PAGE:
This Week We're Channelling: Thomas Jerome Newton in The Man Who Fell to Earth

David Bowie's character in The Man Who Fell to Earth paired playful tailoring with smouldering androgyny, giving an insight into the state of mind of a genius at a troubled time in his career.
This Week We're Channelling: Thomas Jerome Newton in The Man Who Fell to Earth
Conceptually daring, experimental, avant-garde – epithets that could equally well apply to the 1976 sci-fi cult classic The Man Who Fell to Earth, its idiosyncratic director Nicolas Roeg, or its leading man, the Thin White Duke himself, Mr. David Bowie. In his first (unless you count his 1969 promo film Love You Till Tuesday) and arguably best (expecting his masterful turn as Jareth the Goblin King in 1986’s Labyrinth, of course) film role, Bowie plays Thomas Jerome Newton, a Starman of sorts who falls to Earth in order to find the technology to save his dying home planet. Before long, however, Newton is sucked headfirst into the rampantly materialistic whirlpool of 1970s American capitalism, and the pleasures of the flesh (sex and drugs feature heavily in the film) soon distract him from his mission. His hedonism has rendered him a depressed alcoholic by the end of the film – albeit a ravishingly handsome one and with buckets of cash and a Dorian Grey-esque youthfulness. It’s actually not a bad look. Despite never being intended for a mass market, the film has remained popular for over 40 years for its indisputable artistic merit, its ambient soundtrack, and its surreal cinematography. But if the film deserves to be remembered for anything, it’s for showing that it would take more than a crippling cocaine addiction and an almost anorexic diet of milk and peppers to stop David Bowie looking absolutely fantastic on camera. It’s often forgotten that Bowie dressed himself for the film, no stylists were involved. Roeg chose him specifically for the role and wanted Newton’s appearance to be authentically Bowie, a risky move bearing in mind that this was a man best known for skipping around a stage sporting nothing but a catsuit and red mullet.
David Bowie in brown Fedora with grey herringbone coat draped rakishly over his shoulders. Photograph by Alamy.
Bowie sported a blonde and flame orange wedge haircut with a neat centre parting for his role as Thomas Jerome Newton.
Bowie's ghostly, androgynous features contrast beautifully with the stern black duffle coat he wore for the film.
Bowie wearing a trench coat outside court, where he was answering drug charges in 1976.
Bowie accessorises his oversized suiting with a gun for an accent of devil-may-care insouciance. Photograph by Alamy.
This press shot for the film captured Bowie's feelings of isolation and emotional detachment so perfectly that he decided to use it as the cover for his 1977 Low album, considered by critics and by Bowie himself to be his best work.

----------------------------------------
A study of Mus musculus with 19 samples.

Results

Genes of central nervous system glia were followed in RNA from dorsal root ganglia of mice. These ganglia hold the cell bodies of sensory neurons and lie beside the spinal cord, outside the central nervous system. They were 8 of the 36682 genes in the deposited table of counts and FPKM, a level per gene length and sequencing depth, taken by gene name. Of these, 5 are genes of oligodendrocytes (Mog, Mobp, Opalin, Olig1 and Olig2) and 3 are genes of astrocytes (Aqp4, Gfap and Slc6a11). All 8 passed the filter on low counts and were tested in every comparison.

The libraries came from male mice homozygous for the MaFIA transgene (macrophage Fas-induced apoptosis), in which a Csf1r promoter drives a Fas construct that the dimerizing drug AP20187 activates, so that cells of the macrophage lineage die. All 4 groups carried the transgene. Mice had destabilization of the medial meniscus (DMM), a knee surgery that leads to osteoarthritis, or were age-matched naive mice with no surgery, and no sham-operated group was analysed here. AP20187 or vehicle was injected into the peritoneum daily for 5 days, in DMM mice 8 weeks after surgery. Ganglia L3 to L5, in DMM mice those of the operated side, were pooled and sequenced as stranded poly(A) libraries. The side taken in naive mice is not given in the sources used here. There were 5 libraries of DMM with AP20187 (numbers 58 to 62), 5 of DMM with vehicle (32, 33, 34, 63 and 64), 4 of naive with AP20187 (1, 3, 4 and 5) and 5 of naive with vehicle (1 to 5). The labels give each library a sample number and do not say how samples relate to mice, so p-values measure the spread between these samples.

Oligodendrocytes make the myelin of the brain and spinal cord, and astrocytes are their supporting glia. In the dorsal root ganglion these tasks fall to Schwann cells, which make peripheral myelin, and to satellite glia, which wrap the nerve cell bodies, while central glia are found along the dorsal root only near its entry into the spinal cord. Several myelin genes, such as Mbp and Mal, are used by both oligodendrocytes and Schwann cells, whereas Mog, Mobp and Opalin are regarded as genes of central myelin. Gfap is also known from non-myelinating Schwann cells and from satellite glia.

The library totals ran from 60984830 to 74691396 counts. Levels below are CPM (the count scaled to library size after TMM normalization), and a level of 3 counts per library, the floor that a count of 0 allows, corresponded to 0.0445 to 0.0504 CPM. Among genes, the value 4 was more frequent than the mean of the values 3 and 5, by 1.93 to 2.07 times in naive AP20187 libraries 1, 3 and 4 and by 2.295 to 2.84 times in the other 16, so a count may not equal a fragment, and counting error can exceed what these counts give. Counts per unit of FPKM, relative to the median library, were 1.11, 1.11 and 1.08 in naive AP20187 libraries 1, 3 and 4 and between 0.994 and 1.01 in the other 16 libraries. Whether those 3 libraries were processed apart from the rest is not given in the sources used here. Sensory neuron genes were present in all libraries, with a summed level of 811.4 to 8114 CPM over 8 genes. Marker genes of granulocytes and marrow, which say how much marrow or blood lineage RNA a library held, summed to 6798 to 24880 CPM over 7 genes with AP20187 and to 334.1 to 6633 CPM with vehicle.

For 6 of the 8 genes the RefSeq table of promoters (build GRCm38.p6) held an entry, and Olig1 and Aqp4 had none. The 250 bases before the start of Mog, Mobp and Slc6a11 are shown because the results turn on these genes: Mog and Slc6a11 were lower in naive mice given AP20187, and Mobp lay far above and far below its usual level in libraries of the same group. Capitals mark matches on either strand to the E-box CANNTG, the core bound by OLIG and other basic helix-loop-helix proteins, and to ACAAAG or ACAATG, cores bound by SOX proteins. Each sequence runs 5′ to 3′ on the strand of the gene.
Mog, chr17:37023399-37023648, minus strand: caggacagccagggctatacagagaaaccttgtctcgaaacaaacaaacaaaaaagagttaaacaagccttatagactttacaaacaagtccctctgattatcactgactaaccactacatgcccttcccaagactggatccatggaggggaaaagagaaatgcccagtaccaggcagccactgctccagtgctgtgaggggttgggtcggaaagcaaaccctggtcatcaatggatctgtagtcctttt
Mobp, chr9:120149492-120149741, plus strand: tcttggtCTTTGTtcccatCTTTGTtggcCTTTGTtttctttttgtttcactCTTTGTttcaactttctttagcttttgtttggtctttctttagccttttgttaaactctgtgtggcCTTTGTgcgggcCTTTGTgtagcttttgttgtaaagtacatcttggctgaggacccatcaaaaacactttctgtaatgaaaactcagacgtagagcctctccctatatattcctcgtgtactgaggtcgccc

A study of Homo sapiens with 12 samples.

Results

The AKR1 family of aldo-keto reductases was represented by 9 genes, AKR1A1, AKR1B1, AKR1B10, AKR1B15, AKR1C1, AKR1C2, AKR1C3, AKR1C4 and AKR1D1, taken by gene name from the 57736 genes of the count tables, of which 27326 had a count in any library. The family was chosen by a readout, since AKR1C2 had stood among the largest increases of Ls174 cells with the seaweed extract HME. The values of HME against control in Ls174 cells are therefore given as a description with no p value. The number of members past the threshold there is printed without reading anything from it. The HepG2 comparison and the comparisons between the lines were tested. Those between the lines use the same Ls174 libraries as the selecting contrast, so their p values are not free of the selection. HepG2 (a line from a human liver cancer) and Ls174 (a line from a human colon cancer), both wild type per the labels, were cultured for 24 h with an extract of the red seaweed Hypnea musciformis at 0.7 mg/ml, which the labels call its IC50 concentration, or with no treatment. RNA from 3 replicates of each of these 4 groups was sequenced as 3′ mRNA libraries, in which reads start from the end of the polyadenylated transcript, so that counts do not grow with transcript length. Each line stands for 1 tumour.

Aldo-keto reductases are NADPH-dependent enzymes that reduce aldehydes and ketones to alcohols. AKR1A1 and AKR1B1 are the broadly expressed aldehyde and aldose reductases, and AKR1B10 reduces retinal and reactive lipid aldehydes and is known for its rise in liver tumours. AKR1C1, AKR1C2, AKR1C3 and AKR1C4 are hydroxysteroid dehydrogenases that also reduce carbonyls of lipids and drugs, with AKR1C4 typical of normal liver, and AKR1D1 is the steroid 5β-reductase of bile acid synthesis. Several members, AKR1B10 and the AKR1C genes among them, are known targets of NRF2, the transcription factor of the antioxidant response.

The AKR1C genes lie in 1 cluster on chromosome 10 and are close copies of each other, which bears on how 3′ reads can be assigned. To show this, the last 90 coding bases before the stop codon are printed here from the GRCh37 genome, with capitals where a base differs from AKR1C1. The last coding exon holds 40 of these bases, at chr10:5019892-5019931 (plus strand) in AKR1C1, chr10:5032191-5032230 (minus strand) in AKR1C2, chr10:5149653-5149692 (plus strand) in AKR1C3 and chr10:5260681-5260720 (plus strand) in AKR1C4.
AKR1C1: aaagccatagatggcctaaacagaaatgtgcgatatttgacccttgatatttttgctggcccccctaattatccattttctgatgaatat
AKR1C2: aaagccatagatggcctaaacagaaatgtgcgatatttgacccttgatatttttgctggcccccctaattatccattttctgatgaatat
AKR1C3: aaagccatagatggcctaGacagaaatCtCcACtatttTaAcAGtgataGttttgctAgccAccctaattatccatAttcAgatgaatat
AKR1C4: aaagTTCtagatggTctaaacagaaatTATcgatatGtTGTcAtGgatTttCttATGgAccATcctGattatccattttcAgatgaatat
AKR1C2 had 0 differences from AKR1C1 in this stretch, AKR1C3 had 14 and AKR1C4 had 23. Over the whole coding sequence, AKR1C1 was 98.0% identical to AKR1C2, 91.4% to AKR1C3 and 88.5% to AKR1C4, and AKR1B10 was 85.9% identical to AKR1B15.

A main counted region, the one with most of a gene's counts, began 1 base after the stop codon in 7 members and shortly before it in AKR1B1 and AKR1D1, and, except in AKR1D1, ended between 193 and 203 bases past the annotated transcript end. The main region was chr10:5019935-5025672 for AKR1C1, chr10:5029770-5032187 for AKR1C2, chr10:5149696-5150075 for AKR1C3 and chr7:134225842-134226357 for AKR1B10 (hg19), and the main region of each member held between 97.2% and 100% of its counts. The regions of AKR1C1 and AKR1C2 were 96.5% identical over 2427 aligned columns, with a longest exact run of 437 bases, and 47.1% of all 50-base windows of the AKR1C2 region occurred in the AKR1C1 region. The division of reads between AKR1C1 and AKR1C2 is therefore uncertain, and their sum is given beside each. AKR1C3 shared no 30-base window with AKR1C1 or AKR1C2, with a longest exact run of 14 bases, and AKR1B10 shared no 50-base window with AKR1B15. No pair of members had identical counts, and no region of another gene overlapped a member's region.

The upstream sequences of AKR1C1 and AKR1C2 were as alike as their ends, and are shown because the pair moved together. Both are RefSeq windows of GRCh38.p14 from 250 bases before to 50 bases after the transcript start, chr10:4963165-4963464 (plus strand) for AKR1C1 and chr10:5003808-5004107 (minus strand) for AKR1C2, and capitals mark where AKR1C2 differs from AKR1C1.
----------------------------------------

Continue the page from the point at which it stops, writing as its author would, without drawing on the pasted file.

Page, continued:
But this was 1976: three years since Bowie had hung up his cape as alter-ego Aladdin Sane. In the interim, Bowie had moved to America, won over the locals with the deep-voiced, blue-eyed soul of his Young Americans (1975) album, and grown tired of LA’s excesses. Bowie’s appearance as Newton is therefore a visual expression of a unique moment in his career, a moment of great personal anxiety and uncertainty that – it is easy to forget, knowing in hindsight that he was on the cusp of his ground-breaking Berlin trilogy – could easily have ended his career. The fact that the soundtrack Bowie produced for the film was rejected as musically sub-par is a telling insight into Bowie’s unstable condition. As are the lyrics to the title track of his Station to Station album released just before the film, which are steeped in occultism and a yearning for escape – and, of course, references to drug addiction (“It’s not the side effects of the cocaine/ I’m thinking that it must be love.” It was probably the cocaine, David.) So while you can read the film as an allegory for the British musical invasion of America in the 1960s, a parable on the corruptive side-effects of capitalism, or a vicious indictment of global immigration; we prefer to take it as an uncanny glimpse into the strange fascination that Bowie’s life and times have always radiated. It’s no surprise that pop’s most consummate chameleon somehow reveals most of himself in his most far-fetched and stylised performances. Bowie reportedly never read the script for The Man Who Fell to Earth – and you should do likewise if you want to channel his otherworldly style in this film. Weighing under seven stone didn’t stop Bowie wearing wide-fitting suits and high-waisted trousers for his role, so you have no excuse not to experiment with fit and cut. Wearing your business shirt with buttons undone and a fedora to match is a bold sartorial move that exudes confidence. And of course, a big, bold coat such as Newton’s duffle or trench is essential.